I had asked, if I had just one plant left to plant, what should it be and why.  An answer I received was borage.  Forage for borage?  I like the idea.  Here’s the comment, and why I will probably take the suggestion and plant with it…you can put it in a salad.  And it sounds a little different from your standard garden fare.  I think I will be planting this weekend, but I’m not sure whether I’m going to plant from seed or a small plant.  I’ve been wondering about the question at the end, as well, and what to hear from other folks whether you’re tending more toward plants or seeds.

Here’s Ralph’s comment…

Maybe take a look at Borage. An edible herb I use in salads- something of a cucumber taste. Small leaves are best since they are ‘hairy’ and it gets more like thin bristles on large leaves. They make small blue flowers which the bees seem to love- the reason I got it. They produce lots of seeds about 1/16 inch long so they’re easy to collect, or just let them fall as they may. Last year mine got about 2 feet tall, and they seem to grow pretty fast from seeds.

Check out red clover too. Another medicinal herb and it’s great for building up your soil. I put these in salad too and have it growing in the ‘wilds’ of my yard. While researching it a while back Sloan Kettering came up on Google. After accepting their disclaimer they had a section on herbs. Red clover was there and it said there is some evidence of it’s fighting cancer, but more research is needed. Gee, that’s one of the things herbalists use it for. What a coincidence.

I downloaded a free PDF of a 600+ page book out of copyright that’s about using various herbs medicinally. It’s from the 1880s if I recall. I wouldn’t use it (or anything else) without confirming what it says, but it is full of information on identifying and preparing herbs. If anyone is interested I’ll try to find a link to it.

[Here’s Ralph’s question …]

How is everyone starting their plants? I use almost exclusively seeds, my niece has great luck buying small plants. What’s your preference, why?

[Here’s my follow- up…

QUESTION: anyone else have any experience with borage?  I’ve been doing a combination of seeds and plants.  I was surprised that both beets and carrots sprouted up from seeds this year, as did my pumpkins, and they’re really taking over.  I have to start thinking more seriously about seeds though.  I do tend to keep the ones I don’t use over the winter in my basement.  I also take seeds from the plants I grow and try them again the next year but haven’t had much luck with that, including some really beautiful pepper plants (cayenne, habanero and jalapeno) that I had last year, whose seeds gave me pretty much nuthin this season.  Maybe I’m doing something wrong?  Go ahead .. gimme the dirt!


  1. Ralph ⋅

    Storing seeds for next year is pretty simple. Keep them cool, dry, and out of light. I keep mine in the basement as well since it’s the coolest place in the house. I keep some in paper envelopes, and some in small glass jars without the covers on. I tried some in the same jars with the cover on and they grew mold- apparently they weren’t dried out enough when I put them in. Don’t forget to label what they are and put the year you picked them for reference. In the jars I cut thin pieces of Post-Its (REALLY!) and slide them inside.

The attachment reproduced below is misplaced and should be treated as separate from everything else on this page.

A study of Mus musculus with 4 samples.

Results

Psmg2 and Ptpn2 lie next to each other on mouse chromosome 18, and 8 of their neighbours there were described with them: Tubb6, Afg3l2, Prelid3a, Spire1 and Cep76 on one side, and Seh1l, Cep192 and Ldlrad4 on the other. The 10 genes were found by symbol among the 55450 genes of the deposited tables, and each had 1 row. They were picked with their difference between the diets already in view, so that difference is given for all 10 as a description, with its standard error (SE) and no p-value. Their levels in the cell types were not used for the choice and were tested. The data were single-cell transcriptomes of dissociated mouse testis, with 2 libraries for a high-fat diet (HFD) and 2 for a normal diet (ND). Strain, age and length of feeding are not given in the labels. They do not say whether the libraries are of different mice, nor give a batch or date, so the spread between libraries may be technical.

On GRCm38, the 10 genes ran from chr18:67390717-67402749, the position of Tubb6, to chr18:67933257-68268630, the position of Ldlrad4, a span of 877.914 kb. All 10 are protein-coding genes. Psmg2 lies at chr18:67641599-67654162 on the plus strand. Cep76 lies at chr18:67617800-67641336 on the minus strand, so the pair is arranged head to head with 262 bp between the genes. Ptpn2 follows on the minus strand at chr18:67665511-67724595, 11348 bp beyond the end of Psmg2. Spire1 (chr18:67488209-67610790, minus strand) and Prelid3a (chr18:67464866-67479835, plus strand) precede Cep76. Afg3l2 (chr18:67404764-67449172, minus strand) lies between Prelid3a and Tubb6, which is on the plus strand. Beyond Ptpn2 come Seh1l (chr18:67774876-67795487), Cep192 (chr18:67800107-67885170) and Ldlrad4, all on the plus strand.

If I had to guess why your seeds didn’t do too well I would say they were not left on the plant long enough before collecting. I wait until the flower or ‘pod’ is well dried out. Last year I bent some Borage over the nearby cement and shook it. Whatever seeds fell onto the ground I picked up to save. On fruits and veggies I heard it’s best to find a nice fruit and just let it over ripen right on the plant as it would do in nature. Last year I tried taking seeds from cucumbers as they went into my salad. Some looked too thin like there wasn’t much inside the shell, others got really thin as I dried them out. Eventually I left a couple to grow extra long so the seeds were mature and almost every one I planted this year grew.

    My niece gave me an ailing banana plant. I got it healthy, did some research, and split 4 new plants off it. One survived of the 4 due to bad splitting. I split another and it’s doing well. Now there’s 2 more large stems I can cut to make another 2 good size banana plants. That was a long way of saying if you buy the right types of plants at the end of the season on sale you can split them and get more of them for free. No bananas yet, but soon I’ll have more banana plants than I’ll know what to do with.

    Hopefully I can start splitting my bamboo next year. I was looking at it and thought if I can grow it to the right size I may try making a pen out it. I never saw a bamboo pen before. Is anyone growing bamboo out there? Thinking of growing it?